The above images show bacteria colonies on thin film coatings of vastly different mechanical stiffness. The mechanical stiffness increases by about two orders of magnitude in the following order: blue-to-yellow-to-red (color added for effect). For the least stiff coatings (blue), a significant reduction in colony density was observed. Out of many possible factors, only mechanical stiffness was found to correlate positively with changing colony density.

Hospital and community acquired bacterial infections continue to be a major health concern around the world. As a result, there is a clear need for better bacteria-resistant coatings that can be easily applied to a range of medical devices, implants and other surfaces to control and, if possible, prevent microbe accumulation. Unfortunately, many of the critical factors controlling the attachment and spreading of bacteria on surfaces are not well understood.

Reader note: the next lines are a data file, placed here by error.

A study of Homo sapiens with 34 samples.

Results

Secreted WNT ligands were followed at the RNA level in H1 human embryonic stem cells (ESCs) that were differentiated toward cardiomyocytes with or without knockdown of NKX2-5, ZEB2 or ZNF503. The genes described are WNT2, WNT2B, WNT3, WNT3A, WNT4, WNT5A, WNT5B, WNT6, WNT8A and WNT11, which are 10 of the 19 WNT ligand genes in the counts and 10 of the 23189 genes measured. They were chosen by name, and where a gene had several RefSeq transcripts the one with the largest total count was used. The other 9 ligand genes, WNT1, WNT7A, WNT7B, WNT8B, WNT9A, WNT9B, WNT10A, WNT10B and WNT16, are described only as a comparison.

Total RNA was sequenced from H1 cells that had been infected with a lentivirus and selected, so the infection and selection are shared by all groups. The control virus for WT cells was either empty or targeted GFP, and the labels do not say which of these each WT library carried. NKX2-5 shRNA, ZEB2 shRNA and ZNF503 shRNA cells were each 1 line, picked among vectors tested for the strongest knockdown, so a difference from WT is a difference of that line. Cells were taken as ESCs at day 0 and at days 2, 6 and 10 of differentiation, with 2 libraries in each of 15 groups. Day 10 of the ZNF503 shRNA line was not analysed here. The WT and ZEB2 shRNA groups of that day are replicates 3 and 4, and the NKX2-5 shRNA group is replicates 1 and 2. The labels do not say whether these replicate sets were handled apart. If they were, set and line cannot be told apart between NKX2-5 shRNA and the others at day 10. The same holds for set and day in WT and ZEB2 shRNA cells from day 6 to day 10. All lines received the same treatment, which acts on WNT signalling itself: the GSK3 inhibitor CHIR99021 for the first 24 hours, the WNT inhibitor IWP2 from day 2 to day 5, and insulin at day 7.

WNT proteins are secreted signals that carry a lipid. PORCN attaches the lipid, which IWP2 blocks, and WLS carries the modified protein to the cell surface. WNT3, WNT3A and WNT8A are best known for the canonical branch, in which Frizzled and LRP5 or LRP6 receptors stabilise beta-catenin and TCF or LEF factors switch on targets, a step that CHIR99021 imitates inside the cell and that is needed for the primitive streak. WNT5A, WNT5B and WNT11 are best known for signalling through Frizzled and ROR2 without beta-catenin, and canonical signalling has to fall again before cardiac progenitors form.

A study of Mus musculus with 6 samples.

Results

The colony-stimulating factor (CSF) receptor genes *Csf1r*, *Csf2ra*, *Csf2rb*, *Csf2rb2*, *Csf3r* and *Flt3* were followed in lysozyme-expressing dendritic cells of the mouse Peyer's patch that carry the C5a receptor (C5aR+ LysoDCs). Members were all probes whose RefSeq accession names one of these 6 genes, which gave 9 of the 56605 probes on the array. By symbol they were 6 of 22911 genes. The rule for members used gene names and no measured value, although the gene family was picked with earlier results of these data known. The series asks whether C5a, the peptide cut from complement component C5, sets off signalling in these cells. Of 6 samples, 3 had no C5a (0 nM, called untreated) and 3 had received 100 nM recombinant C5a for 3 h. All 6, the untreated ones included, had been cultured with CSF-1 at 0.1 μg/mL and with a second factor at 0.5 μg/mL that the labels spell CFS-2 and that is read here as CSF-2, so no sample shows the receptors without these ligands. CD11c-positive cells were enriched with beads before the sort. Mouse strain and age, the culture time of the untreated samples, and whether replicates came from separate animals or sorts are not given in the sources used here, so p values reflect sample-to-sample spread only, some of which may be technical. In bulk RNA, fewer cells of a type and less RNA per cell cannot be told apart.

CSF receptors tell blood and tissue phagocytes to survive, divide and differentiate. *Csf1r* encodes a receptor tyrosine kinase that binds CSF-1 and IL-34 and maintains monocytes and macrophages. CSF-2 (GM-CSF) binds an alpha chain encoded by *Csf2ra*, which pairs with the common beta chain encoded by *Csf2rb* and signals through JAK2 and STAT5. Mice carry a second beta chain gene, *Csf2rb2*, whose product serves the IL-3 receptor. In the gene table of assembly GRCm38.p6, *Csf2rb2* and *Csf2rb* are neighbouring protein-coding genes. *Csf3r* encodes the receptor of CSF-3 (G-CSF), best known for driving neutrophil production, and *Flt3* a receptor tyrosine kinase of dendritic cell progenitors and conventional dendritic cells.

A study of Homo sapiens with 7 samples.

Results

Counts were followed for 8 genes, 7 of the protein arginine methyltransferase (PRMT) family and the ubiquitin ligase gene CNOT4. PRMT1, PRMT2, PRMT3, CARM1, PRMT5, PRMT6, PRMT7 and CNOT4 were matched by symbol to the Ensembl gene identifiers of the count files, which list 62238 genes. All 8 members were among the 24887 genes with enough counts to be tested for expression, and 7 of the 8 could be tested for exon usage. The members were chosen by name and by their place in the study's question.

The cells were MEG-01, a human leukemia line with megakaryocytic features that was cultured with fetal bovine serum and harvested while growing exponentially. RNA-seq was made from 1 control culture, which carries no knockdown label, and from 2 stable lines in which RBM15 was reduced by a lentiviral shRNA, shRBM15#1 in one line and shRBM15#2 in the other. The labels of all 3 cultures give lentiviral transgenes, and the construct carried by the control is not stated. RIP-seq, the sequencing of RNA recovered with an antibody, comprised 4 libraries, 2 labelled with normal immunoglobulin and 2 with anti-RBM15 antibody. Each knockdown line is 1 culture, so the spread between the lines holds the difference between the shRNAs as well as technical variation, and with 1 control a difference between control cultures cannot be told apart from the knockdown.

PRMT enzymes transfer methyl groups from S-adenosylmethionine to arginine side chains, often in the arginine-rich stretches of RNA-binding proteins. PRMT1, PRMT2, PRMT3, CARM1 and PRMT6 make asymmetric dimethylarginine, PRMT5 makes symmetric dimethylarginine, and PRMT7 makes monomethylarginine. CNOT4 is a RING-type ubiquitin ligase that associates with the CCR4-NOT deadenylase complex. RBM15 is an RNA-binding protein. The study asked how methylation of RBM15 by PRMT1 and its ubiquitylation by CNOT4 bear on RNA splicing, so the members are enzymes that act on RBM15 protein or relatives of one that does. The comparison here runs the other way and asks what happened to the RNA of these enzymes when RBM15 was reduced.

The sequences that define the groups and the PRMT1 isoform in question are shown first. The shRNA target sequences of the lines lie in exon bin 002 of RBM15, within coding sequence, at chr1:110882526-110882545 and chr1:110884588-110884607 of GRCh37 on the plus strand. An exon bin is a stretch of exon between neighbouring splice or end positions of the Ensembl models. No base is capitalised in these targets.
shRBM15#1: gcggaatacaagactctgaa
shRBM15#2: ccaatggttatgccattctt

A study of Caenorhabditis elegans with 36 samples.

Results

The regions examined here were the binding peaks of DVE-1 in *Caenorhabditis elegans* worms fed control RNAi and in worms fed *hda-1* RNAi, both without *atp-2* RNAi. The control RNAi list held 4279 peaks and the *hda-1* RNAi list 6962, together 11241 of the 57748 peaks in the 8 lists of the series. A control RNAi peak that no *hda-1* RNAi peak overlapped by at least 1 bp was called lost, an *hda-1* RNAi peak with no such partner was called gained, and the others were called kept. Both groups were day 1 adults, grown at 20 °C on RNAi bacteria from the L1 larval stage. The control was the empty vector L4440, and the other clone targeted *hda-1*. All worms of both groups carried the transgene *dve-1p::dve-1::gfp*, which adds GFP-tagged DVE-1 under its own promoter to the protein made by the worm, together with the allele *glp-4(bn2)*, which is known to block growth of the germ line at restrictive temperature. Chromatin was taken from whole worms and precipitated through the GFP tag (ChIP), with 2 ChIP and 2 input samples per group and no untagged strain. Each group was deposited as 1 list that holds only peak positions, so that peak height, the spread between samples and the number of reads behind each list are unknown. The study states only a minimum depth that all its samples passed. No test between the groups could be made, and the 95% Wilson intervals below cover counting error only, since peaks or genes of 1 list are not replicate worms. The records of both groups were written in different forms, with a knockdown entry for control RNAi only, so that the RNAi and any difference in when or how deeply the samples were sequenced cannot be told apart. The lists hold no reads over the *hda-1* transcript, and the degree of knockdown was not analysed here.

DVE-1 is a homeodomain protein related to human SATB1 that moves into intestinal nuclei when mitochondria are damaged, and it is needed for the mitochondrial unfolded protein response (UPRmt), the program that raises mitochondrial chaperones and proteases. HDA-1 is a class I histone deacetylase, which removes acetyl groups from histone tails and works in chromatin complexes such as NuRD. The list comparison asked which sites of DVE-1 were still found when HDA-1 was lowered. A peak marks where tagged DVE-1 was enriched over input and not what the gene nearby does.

The Rubner and Van Vliet groups of the MIT MRSEC have discovered a previously overlooked factor that should be considered in the design of anti-bacterial coatings. They have found that the mechanical stiffness of a hydrated thin film coating can be manipulated to reduce significantly the number of bacteria colonies attached to a surface. This new understanding, coupled with existing strategies for creating anti-microbial coatings could provide a powerful new weapon against these often deadly infections.

This work is a result of a collaboration enabled by a seed grant within the MRSEC program.

The research was primarily funded by the NSF MRSEC Program (award DMR-02-13282).

Substrata Mechanical Stiffness Can Regulate Adhesion of Viable Bacteria
J.A. Lichter, M.T. Thompson, M. Delgadillo, T. Nishikawa, M.F. Rubner, and K.J. Van Vliet, Biomacromolecules 9, 1571, 2008.